Members of the 4th Logistics Readiness Squadron created and will be implementing a process expected to decrease discrepancies and time spent on checklists when preparing to deploy. The process is expected to have a five percent decrease in discrepancies every six months. (U.S. Air Force illustration by Airman Miranda A. Loera)

Members from the 4th Logistics Readiness Squadron recently created a process expected to decrease discrepancies and time spent on checklists when preparing to deploy they will soon implement. The process is expected to have a five percent decrease in discrepancies every six months. (U.S. Air Force illustration by Airman Miranda A. Loera)

SEYMOUR JOHNSON AIR FORCE BASE, N.C. --

Members from the 4th Logistics Readiness Squadron recently created a process expected to decrease discrepancies and time spent on checklists when preparing to deploy they will soon implement.

The percentage of installation personnel readiness discrepancies reported for the 4th Fighter Wing steadily increased over the last year, exceeding 10 percent for more than two-thirds of the reported period, according to 1st Lt. Kevin Jones, 4th LRS installation deployment officer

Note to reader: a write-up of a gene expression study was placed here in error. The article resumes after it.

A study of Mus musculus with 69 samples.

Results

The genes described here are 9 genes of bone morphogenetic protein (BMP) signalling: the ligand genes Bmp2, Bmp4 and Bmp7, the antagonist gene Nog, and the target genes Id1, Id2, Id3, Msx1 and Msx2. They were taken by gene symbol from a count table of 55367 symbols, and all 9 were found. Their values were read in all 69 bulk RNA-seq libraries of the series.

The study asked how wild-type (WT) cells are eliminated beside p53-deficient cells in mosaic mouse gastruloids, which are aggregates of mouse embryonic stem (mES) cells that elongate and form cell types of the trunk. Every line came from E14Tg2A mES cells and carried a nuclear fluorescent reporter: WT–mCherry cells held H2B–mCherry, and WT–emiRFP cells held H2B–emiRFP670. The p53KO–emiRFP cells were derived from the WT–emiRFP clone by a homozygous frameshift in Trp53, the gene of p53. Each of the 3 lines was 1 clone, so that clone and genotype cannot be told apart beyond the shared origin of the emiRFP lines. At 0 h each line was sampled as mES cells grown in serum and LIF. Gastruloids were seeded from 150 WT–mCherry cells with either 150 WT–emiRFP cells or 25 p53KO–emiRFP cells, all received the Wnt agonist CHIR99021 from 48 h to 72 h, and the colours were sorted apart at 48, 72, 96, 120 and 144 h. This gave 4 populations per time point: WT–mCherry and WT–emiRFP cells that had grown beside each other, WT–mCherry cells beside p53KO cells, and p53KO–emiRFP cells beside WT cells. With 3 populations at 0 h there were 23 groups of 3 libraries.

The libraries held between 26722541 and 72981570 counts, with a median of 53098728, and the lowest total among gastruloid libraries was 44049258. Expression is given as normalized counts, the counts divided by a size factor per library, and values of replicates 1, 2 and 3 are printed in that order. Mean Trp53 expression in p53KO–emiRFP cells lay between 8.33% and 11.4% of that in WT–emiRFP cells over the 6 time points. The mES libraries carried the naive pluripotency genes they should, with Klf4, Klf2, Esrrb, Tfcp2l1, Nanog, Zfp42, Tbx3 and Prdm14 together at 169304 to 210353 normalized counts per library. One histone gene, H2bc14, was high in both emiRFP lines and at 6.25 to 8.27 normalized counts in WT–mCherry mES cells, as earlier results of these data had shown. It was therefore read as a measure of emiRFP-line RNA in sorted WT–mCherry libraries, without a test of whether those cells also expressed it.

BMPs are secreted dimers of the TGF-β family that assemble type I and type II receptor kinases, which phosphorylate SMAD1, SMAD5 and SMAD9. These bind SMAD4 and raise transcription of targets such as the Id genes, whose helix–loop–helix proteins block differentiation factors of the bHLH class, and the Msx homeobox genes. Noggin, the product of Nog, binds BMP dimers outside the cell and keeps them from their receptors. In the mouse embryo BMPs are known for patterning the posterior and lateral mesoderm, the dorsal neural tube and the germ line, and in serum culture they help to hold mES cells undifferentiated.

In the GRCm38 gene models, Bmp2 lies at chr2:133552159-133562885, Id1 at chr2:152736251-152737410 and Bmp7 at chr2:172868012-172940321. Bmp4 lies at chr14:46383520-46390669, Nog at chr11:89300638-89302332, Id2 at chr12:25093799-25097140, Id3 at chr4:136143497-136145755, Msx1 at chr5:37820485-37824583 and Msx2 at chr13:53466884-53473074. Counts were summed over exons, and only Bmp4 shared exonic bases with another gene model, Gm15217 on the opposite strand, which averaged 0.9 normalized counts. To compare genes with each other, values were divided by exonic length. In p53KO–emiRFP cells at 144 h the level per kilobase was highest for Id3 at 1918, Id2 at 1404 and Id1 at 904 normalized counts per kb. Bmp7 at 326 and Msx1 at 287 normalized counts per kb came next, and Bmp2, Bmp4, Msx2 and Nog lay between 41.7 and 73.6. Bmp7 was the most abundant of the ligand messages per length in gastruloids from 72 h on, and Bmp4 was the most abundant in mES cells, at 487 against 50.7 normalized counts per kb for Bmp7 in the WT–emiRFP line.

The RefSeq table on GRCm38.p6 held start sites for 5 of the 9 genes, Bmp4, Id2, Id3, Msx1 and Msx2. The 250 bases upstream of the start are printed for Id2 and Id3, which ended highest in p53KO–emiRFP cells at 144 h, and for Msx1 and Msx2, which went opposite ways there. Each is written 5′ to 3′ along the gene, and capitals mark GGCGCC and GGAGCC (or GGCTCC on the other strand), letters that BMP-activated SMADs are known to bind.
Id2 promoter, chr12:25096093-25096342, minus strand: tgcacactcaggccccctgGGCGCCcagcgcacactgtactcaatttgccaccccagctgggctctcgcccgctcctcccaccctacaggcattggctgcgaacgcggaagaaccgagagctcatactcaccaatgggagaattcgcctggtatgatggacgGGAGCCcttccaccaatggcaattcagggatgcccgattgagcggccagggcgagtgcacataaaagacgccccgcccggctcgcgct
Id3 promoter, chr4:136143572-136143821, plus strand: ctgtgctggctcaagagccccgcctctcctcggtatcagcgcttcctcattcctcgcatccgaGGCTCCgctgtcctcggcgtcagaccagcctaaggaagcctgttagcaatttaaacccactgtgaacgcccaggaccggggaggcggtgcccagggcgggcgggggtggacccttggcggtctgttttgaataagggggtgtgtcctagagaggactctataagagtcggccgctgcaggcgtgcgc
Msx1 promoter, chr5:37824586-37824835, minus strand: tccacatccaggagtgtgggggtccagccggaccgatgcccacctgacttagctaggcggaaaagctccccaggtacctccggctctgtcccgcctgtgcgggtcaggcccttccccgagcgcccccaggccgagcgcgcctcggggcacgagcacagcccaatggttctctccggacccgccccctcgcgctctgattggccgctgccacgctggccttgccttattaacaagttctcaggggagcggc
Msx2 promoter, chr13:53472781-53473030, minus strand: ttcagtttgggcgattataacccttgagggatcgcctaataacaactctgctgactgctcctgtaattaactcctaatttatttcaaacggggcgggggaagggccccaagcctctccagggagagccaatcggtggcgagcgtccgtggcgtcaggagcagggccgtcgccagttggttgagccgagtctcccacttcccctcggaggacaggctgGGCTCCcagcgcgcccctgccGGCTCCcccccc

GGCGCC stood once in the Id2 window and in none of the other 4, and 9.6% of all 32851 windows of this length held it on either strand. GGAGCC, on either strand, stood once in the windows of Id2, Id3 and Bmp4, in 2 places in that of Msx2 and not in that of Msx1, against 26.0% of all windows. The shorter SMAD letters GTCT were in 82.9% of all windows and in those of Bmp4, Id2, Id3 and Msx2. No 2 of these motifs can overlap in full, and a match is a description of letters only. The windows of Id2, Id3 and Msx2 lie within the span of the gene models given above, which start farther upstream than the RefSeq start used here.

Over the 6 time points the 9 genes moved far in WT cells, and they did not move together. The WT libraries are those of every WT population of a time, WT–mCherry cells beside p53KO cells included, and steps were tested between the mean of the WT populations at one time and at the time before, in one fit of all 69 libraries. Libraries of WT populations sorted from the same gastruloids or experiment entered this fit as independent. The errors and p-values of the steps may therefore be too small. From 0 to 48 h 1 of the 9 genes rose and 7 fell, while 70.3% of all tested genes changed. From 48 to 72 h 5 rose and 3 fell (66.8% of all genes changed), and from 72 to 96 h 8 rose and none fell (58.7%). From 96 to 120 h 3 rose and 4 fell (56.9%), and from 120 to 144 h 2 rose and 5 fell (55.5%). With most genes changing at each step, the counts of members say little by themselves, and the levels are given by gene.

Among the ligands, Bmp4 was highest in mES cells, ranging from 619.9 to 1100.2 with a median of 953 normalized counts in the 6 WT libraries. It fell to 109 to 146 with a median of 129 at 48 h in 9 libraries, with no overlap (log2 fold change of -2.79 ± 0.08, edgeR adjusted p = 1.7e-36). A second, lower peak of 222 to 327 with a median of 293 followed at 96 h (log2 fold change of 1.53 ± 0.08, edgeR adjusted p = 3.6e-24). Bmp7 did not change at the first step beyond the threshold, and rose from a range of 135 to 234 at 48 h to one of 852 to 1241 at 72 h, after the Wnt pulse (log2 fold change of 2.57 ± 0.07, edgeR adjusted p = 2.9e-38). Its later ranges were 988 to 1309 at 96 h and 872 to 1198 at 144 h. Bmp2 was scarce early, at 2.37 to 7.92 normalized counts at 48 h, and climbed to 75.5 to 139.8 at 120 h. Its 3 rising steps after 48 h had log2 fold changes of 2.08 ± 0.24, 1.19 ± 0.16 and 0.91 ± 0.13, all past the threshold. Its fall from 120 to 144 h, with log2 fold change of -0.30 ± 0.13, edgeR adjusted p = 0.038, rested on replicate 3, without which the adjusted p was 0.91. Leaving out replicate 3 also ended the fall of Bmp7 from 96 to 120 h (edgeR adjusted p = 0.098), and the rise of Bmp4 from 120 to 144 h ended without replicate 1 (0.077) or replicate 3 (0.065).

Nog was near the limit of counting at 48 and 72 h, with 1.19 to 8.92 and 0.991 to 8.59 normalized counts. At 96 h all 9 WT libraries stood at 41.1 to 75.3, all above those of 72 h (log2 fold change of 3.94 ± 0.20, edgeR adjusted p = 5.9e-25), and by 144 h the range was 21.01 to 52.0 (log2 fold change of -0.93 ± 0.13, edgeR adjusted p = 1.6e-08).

“Our set improvement target for every six month period is to reduce the discrepancy rate by 5 percent until a goal of 0 percent is reached,” Jones said.

Deployers must go through a series of briefings in order to finish off their checklist, such as legal and financial briefs. After the briefs, they must get issued gas masks and weapons and have those cleared.

“Anything missing or not completed on a deployer’s checklist is considered a discrepancy,” Jones said. “If the discrepancy is not fixed before deployment, then it becomes an area of responsibility discrepancy once the member is at the deployed location.

“It was important to us to hear our customers’ concerns and implement changes to meet their needs,” Jones added.

The current pre-deployment process requires members to physically go to multiple agencies to receive briefings and complete their checklists.

“Initially, we mapped out the process of pre-deployment and decided which items we could eliminate,” said Stefan Bowlsby, 4th Force Support Squadron management analyst, who aided Jones in the overhaul. “Ultimately, we were able to streamline 19 tasks and save each deployer an average of nine hours.”

The new and improved process is projected to eliminate most discrepancies and save approximately 10,000 hours per year by consolidating all mandatory pre-deployment briefings, according to Jones. Some of the streamlined tasks included electronic signatures for equipment ordering and utilizing unit deployment manager meetings for training.

“Anytime we can save deploying members’ time it’s worth it, and I’m very happy we created these new processes,” Jones said.